Like many of his generation of students of AMU, Habib was influenced by leftist politics and this marked his political stance from then onwards, though he threw away his party card very soon after he acquired it. Just before Habib arrived in Bombay, the Indian People’s Theatre Association (IPTA) had just been founded. He immediately began to take part in its activities. They rehearsed in a hall near Opera House and Habib acted in plays directed by Balraj Sahni and Dina Pathak. I remember him telling us how they used to stage street plays by pretending to be a pickpocket and a policeman quarrelling. The crowd which collected had no idea that this was just a play and by the time they found out and the real police arrived, the actors melted away. When the Communist Party of India was banned many IPTA members were jailed or went underground. From 1948-50, Habib was left with the responsibility of running the organization. After which the doctrinaire Ranadive line made it impossible to do anything worthwhile in theatre and the group became almost defunct.
SUDHANVA DESHPANDE's tribute to the the Bard of Bhopal:
In September-October 2003, on the eve of the State Assembly elections in Madhya Pradesh and Chhattisgarh, Habib sa’ab toured these two states extensively with his plays. The Chhattisgarh shows, a majority of them in villages, went off without a hitch. But when the troupe started performing in Madhya Pradesh, they came under attack from the Hindu Right. The play that evoked their ire was that little jewel of the Nacha tradition, a play neither written nor directed by Habib sa’ab, but simply inherited by him via his actors, Ponga Pandit, a rip roaring farce against untouchability.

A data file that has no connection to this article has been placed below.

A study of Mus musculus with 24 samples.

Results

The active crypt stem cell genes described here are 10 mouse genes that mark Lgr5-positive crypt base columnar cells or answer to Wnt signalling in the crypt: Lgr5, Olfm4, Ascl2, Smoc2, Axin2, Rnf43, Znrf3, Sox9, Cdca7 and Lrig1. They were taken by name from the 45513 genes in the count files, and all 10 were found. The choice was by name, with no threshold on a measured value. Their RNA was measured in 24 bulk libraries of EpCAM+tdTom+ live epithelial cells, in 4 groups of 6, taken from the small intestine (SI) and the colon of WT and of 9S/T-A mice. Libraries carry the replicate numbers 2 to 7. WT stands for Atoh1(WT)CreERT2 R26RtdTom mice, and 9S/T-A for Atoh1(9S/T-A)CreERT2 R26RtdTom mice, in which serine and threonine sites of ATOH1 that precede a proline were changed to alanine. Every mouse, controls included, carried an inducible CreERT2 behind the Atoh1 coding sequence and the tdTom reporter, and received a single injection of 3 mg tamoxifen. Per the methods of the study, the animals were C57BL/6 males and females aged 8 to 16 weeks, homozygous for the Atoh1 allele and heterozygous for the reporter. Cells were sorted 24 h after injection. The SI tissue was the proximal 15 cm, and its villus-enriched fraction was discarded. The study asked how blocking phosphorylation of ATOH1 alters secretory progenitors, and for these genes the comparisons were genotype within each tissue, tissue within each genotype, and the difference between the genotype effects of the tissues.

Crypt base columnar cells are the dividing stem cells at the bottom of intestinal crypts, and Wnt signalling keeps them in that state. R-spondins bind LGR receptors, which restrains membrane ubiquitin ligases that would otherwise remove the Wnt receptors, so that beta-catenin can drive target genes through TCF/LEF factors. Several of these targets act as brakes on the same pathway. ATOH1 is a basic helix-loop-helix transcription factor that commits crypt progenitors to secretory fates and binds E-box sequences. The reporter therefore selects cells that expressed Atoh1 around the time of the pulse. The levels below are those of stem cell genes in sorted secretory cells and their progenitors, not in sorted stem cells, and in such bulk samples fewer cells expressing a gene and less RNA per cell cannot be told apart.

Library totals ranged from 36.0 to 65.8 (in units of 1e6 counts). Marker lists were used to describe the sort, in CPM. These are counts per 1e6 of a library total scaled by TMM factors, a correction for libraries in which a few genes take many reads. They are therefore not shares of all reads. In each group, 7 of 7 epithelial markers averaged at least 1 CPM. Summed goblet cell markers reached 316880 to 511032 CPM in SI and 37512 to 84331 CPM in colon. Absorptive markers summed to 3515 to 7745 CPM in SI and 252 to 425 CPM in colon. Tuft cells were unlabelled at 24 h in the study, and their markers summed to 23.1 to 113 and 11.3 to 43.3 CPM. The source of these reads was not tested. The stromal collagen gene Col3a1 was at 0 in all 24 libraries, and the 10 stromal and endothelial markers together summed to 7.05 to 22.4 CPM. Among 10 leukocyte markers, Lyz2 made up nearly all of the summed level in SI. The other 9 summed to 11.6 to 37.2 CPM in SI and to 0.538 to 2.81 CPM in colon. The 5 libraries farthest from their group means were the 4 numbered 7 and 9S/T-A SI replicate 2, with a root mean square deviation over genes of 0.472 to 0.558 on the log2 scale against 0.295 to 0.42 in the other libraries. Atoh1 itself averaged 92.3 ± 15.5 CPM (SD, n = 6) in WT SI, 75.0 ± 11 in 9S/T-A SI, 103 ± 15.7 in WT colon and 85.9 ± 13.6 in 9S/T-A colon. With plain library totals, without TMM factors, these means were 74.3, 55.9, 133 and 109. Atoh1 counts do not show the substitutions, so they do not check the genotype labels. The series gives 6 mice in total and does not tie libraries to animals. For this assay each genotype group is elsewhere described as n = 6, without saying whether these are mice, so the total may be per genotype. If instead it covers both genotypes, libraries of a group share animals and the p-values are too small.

It was all meticulously planned. In town after town, gangs of saffron activists would land up at the performance venue, and make enough noise to make the district administration jittery about law and order. But Habib sa’ab was considerably more crafty than his imbecile attackers. At Bhopal, they performed his classic Charandas Chor. After the performance, the organisers asked him to introduce his actors. He said, “We are kalakars (artistes); our introduction is our art. Would you like to listen to some songs?” “Yes,” chorused the audience. The actors started singing, and, without anyone realising, seamlessly segued into a performance of Ponga Pandit. By the time the Hindutva zealots realised what was happening, the play was over.